Review: Hotel Rwanda

Filed under: Reviews

Probably one of the most unsung actors working in Hollywood today is Don Cheadle. The man has been involved in some huge ensemble films and scored a lot of critical acclaim for his character performances in such films as Devil in a Blue Dress, Rosewood, The Rat Pack, and of course, Ocean's Eleven.

It seems like it has taken forever for Cheadle to find a project where he could carry it and finally deliver the performance a lot of us knew was inside him. Hotel Rwanda seems to be that project.

Cheadle plays Paul Rusesabagina, a hotel manager who makes it possible to house over 1000 refugees during a struggle with Hutu militia in Rwanda. This true story is an unbelievable story of dedication, strength, and perseverance.

Back in 1984, a little film called The Killing Fields erupted onto silver screens across the country and unearthed a new horrific side of the Vietnam War away from the conflict. The film focused on journalists and their determination to nail down a critical story amongst the chaos that was the evacuation of Saigon. The tearing apart of families, the not knowing if your loved ones made it out of the chaos, and the dissection of the events were utterly amazing in this landmark film. For me, it is still my favorite film on Vietnam.

That landmark film has a lot of things in common with Hotel Rwanda including the tone, desperation, struggle, plight, and lead performance.

I loved Rwanda's pacing as it slowly but inevitably builds toward the looming chaos. The film's direction seems to have a mind of its own, as it is able to harness each and every emotion as the film winds towards the conflict. The audience is able to see the world come crumbling down through Don Cheadle's Paul, and what a sight it is.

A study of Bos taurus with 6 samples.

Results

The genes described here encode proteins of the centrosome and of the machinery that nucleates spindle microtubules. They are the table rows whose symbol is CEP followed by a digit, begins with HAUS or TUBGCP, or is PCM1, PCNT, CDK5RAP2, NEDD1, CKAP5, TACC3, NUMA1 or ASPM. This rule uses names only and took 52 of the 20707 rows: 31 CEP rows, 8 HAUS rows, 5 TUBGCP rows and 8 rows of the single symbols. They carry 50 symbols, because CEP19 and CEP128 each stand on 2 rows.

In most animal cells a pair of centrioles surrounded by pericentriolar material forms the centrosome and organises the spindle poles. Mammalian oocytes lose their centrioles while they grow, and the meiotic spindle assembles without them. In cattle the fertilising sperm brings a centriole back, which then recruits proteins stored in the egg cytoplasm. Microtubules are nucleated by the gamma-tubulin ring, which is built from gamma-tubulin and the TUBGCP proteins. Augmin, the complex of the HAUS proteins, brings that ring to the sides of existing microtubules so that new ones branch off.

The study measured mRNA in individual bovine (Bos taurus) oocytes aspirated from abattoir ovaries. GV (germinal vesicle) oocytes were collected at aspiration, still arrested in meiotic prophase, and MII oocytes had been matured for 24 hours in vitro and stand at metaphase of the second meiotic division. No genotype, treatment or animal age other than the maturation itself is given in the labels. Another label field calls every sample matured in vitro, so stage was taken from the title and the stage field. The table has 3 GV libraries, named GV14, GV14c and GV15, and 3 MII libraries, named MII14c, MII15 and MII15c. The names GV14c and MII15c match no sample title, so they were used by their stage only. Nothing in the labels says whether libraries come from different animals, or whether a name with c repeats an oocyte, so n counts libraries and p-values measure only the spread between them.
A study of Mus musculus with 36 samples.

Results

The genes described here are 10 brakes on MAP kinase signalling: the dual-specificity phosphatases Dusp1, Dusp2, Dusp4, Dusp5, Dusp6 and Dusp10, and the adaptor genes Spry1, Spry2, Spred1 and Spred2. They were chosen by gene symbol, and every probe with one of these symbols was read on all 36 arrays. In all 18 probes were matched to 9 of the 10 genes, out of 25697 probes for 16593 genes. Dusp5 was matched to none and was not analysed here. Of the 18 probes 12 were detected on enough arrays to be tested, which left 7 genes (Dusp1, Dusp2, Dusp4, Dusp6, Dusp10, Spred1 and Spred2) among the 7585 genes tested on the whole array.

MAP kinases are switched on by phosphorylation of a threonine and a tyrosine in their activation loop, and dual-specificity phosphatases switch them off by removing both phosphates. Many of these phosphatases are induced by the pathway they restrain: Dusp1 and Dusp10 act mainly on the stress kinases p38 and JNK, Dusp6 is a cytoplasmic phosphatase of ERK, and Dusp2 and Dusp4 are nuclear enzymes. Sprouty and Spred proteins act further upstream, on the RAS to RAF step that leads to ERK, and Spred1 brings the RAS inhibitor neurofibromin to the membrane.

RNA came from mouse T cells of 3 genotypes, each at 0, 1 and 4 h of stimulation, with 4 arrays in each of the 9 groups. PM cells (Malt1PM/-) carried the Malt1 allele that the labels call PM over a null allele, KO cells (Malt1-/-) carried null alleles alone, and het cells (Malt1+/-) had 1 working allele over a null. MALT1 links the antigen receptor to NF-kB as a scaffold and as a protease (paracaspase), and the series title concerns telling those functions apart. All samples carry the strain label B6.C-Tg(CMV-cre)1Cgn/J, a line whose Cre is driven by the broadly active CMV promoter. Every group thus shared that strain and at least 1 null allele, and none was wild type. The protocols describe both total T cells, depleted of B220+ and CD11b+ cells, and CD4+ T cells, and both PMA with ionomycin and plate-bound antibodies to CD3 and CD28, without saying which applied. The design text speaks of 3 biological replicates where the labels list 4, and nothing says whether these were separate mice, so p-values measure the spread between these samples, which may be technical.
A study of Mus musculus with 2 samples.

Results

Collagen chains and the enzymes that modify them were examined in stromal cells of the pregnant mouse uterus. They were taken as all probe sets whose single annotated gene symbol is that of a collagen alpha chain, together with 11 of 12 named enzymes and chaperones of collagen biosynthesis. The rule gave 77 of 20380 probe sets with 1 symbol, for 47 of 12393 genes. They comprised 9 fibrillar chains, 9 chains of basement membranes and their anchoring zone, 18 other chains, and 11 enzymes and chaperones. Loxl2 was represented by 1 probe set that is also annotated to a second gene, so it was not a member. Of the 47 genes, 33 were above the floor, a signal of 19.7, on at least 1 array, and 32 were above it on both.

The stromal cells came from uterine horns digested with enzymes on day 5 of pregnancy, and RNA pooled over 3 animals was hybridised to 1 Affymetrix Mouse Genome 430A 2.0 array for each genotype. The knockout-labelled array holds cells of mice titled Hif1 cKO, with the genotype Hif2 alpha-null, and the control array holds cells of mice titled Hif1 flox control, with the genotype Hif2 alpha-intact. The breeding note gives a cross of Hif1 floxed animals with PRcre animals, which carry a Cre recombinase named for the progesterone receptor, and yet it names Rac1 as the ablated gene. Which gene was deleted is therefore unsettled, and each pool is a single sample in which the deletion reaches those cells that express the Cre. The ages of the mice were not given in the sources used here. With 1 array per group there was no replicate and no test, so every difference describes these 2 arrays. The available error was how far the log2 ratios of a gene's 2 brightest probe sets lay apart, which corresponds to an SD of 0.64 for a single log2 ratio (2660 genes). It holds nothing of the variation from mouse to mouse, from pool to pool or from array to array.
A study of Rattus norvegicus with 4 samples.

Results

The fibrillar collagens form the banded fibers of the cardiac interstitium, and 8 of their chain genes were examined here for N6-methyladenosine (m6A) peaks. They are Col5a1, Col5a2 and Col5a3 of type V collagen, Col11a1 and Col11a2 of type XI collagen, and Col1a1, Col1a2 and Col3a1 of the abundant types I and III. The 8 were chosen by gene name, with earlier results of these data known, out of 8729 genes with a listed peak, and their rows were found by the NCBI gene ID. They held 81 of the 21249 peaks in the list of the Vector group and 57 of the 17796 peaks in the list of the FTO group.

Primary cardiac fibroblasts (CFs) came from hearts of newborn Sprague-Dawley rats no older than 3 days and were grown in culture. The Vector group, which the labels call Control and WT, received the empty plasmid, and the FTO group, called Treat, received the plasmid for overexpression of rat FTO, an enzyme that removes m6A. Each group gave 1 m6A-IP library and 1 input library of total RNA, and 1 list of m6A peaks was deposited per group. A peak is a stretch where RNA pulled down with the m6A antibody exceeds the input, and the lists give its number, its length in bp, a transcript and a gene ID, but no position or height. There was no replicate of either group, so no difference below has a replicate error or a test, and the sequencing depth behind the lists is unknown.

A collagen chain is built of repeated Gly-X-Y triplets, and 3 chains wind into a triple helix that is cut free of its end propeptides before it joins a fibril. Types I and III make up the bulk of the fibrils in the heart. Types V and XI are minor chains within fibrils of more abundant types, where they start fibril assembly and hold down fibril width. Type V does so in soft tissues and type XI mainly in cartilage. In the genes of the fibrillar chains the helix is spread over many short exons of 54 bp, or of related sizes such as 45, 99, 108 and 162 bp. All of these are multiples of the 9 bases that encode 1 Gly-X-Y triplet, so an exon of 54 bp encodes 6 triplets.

Cheadle's performance as Paul is challenging, assertive, brilliant, yet cautious. He brings many levels to the man who has to balance so many things while riding this tidal wave of unrest. With every look and emotion you can see what the man is thinking. Cheadle is utterly brilliant. Someone has to remember him come Oscar time.

What probably differs between this film and The Killing Fields is the support given to Cheadle's performance. I wasn't that impressed with a very weathered Nick Nolte as the commander of the UN Peacekeepers and Joaquin Phoenix isn't ever given a chance to really participate before he is whisked away.

I kind of wished that the film had better supporting performances so that Cheadle had more to work with. But even without them, he is able to carry the full weight of the film. Now that is amazing unto itself.

Hotel Rwanda is an amazing story and a truly unforgettable film. (4.5 out of 5) So Says the Soothsayer.